Sedgeford dig uncovers the lifestyle of Anglo-Saxon Norfolk
- Credit: SHARP
The extraordinary archaeological findings in a Norfolk village hold some clues to how the Anglo-Saxons lived in the area.
History enthusiasts have worked through sun, rain and storm this season for the 22nd Sedgeford Historical and Archaeological Research Project (SHARP).
Since 1996, SHARP has uncovered an 8th century cemetery, dubbed Boneyard Field, and has excavated close to 400 human remains.
Researchers believe the arable lands made the area suitable for human settlement - and further excavation of the fields could reveal more human bones.
SHARP director Gary Rossin said: 'This could hold 800 skeletons. We believe we may have found half by extrapolating what we have got. It was a time when Christianity was getting a hold, it came and organised the settlement.'
This season, assistant director John Jolleys said the project team has worked on a river valley, which would have been carved out during the last Ice Age.
The clay-lined ovens were marked with fingerprints, and further analysis found that some belonged to children as young as eight years old.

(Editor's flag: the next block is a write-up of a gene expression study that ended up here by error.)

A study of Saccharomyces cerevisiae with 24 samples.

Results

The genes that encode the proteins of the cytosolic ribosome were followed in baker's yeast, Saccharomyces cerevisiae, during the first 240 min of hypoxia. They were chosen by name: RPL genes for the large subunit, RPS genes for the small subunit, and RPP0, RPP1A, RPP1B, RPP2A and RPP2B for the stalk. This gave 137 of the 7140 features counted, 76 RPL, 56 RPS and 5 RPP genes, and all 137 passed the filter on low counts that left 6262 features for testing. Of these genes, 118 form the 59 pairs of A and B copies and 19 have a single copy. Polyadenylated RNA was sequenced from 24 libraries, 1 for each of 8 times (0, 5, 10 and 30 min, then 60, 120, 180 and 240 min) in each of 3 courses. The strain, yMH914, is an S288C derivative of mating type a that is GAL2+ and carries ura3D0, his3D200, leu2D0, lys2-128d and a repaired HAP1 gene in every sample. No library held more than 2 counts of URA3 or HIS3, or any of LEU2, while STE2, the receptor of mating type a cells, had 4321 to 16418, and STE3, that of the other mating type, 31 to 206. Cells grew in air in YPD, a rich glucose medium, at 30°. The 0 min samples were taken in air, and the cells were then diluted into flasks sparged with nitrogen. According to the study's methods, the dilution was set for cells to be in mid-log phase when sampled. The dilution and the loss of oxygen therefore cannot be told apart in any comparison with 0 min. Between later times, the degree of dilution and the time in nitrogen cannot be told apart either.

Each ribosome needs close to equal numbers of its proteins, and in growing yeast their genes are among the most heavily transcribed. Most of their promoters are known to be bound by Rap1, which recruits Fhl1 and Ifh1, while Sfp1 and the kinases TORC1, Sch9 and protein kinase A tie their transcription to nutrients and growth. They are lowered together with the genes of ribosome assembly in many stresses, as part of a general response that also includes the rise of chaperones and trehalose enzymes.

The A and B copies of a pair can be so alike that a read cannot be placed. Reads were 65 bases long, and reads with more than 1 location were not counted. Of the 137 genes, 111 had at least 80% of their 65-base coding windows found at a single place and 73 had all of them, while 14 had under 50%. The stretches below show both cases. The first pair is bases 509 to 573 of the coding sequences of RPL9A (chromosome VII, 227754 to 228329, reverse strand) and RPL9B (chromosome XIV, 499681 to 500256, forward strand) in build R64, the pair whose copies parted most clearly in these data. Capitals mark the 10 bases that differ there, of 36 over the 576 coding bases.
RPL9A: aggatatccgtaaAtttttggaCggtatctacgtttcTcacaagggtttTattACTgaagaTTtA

Evidence of wheat, rye and barley may suggest the ovens were used for more than domestic purposes and to produce beer.
'It was quite a food for them,' Mr Jolleys said. 'Even children would have had weakened beer.'
Close to the ovens was evidence of burning, which Mr Jolleys said is a stack of grain which caught fire.
The possibilities of how the fire began could explain how people lived in the area.
'They were either really careless or they upset somebody,' Mr Jolleys said.
'In the cemetery we found three well-built men who were victims of very serious axe trauma, and we have dated them back to somewhere between 750AD to 770AD.'
The excavation season will end on August 11. Visitors are encouraged to visit the site and join the programme of courses on offer.